See Also : Thermal and Ignition Barriers - Manufacturers of Fire Barrier Materials

The Moisture Control Handbook defines a thermal bridge as “regions of relatively high heat flow conductance in a building envelope.” The authors go on to provide examples of common thermal bridges,

 “An example of a thermal bridge is an uninsulated window lintel, or the edge of a concrete floor slab in commercial construction. An even more common example is the wood stud of a typical exterior frame wall where insulation is installed between studs in the wall cavity. The wood stud has a greater conductivity to heat flow than the insulation, and therefore provides an easy path for heat to bridge the wall.”

Infrared image showing thermal bridging and air leakage

Infrared image of a wall portraying cold areas caused by the studs acting as a thermal bridge (dark lines).

This implies that in a typical wood stud wall, the wooden studs are thermal bridges, and will create a cold area (compared with the insulated cavity) where the stud meets the interior sheetrock. This is illustrated in the infrared image to the right where the “cold spots” created by the studs show up as dark lines. These cold spots compromise the insulation and lower the effective average R-value of the whole wall. In addition to lowering the total R-value of a wall, the cold spot can lead to condensation problems. If any moisture did manage to get into the wall cavity, the cold wood stud near the sheetrock would be the first surface where water vapor would condense into liquid form.

Whole Wall System

Richard T. Bynum writes in Insulation Handbook:

“Currently, most wall R-value calculations are based on experience with conventional wood frame construction, and they do not factor in all the effects of additional structural members at windows, doors and exterior wall corners. Thus they tend to overestimate the actual field thermal performance of the whole wall systems.”

Thermal Break Diagram

Exterior wall with a layer of insulation forming a thermal break between the sheathing and the studs.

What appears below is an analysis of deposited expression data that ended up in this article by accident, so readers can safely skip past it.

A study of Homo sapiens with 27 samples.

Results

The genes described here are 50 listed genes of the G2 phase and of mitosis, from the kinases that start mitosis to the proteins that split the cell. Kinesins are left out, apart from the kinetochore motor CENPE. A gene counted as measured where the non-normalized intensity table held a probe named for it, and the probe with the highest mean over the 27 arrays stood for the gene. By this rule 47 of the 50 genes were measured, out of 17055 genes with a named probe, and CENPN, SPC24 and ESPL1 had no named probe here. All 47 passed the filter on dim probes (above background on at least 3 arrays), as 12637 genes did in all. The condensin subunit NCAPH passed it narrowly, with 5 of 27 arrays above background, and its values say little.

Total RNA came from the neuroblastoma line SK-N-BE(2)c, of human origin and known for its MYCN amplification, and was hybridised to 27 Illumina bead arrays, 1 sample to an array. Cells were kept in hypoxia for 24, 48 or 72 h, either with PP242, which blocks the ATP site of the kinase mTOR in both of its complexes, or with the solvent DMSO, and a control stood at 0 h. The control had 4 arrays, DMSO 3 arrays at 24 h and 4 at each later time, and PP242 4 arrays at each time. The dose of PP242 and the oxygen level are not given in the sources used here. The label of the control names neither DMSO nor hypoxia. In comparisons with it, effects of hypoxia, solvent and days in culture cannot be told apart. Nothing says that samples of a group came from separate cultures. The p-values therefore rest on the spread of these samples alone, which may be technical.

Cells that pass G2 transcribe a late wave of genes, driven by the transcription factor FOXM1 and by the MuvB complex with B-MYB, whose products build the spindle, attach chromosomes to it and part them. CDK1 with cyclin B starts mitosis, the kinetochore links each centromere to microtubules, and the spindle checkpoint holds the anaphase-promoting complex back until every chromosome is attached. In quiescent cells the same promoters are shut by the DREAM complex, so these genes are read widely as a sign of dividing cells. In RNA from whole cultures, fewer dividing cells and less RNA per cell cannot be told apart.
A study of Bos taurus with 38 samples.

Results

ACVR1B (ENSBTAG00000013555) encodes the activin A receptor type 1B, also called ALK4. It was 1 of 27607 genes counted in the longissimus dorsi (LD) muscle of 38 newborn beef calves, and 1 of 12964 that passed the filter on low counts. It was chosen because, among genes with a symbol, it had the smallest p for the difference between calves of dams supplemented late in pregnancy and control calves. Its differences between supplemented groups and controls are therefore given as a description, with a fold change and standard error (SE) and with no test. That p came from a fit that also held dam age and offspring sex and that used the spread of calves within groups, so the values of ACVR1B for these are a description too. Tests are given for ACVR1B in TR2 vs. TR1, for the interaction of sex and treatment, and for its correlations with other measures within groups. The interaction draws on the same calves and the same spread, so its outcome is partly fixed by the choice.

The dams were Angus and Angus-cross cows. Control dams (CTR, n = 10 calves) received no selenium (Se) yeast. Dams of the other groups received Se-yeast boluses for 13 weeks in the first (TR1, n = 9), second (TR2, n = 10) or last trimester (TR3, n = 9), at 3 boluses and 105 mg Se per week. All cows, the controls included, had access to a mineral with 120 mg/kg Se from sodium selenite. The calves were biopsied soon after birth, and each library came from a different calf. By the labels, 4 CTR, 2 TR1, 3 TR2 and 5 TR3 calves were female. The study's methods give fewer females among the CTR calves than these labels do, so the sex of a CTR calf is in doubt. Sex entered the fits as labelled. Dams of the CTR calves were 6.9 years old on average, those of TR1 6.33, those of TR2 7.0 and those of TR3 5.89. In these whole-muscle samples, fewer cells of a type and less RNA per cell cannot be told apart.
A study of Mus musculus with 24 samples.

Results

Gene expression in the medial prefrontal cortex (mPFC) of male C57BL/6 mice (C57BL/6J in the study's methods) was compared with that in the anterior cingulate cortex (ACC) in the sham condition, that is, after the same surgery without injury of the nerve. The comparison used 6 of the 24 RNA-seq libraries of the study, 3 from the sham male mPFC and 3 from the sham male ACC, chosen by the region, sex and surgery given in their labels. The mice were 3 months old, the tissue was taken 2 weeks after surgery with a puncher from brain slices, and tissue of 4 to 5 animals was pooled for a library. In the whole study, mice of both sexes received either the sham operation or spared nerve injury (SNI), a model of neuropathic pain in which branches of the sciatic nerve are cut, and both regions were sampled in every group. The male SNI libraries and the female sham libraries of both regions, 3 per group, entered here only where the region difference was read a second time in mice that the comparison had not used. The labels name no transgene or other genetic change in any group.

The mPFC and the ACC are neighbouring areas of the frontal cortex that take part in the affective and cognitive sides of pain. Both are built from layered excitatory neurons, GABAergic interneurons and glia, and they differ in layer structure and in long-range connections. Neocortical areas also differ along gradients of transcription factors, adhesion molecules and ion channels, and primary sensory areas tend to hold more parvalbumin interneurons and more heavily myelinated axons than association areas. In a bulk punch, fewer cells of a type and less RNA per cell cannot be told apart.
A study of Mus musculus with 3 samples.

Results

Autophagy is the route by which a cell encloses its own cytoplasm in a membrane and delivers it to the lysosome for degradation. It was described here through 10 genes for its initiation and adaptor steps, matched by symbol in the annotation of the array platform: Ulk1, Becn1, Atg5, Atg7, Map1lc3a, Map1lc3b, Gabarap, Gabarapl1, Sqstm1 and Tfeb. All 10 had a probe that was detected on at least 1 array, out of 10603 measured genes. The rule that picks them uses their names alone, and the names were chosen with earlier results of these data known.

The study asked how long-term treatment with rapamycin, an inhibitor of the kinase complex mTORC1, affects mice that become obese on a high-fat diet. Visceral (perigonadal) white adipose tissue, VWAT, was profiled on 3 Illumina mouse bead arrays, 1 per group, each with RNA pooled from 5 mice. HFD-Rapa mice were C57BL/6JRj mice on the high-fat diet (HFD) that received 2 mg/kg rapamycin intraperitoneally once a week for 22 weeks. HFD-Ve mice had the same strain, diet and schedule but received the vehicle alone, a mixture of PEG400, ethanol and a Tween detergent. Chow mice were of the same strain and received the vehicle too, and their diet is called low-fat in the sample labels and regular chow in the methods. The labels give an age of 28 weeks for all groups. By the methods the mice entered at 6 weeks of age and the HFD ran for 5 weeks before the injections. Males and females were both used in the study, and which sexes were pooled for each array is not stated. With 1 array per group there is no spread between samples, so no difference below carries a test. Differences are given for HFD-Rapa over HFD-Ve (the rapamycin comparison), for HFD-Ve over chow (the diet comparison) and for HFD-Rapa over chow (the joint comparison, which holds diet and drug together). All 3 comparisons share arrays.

Infrared image showing thermal break

Infrared image of a ceiling with a thermal break installed.

Since the R-value of the insulation material alone does not accurately indicate the average R-value of the whole wall system, Bynum describes three methods for measuring R-values:

    Clear wall R-value: This is the R-value of a wall with just studs and does not include the framing included in windows, doors and exterior corners.

    Center of Cavity R-value: This is the R-value estimate of the area of the cavity space between studs that contains the most insulation.

    Whole wall R-value: This is an R-value estimation that includes both the clear wall estimate of R-value and takes into account additional framing like windows, doors and exterior corners.

Bynum makes the statement that “For some conventional wall systems, the whole wall R-value is as much as 40 percent less then the clear wall R-value.”

For more information about R-values for both wood and steel walls systems, click here.

Thermal Breaks

A thermal break is an insulating material, intended to prevent structural elements such as studs and concrete slab floors from acting as a thermal bridge. One typical example of thermal break would be foam sheets placed over the exterior sheathing of a building as shown in the diagram to the right. The thermal break provides a layer of insulation that will resist heat flow through the thermal bridge.

Sprayed or Injected Foam

Exterior wall with thermal break built in

Sprayed or injected foam can provide a thermal break for the various thermal bridges in a wall assembly, just like the foam sheets in the example above. In the photograph to the right, strapping is placed between the studs and the exterior sheathing. When the foam is sprayed into the wall cavity it will flow between the stud wall and the sheathing. The foam between the studs and sheathing is a thermal break. This design will increase the whole wall R-value of the building.


Bynum, Richard, 2001. Insulation Handbook, McGraw-Hill, New York, NY.

Lstiburek, Joseph and John Carmody, 1993. Moisture Control Handbook, Van Nostrand Reinhold, New York, NY.

Lstiburek, Joseph, 1998. Builders Guide: Cold Climates, Building Science Corporation, Westford, MA.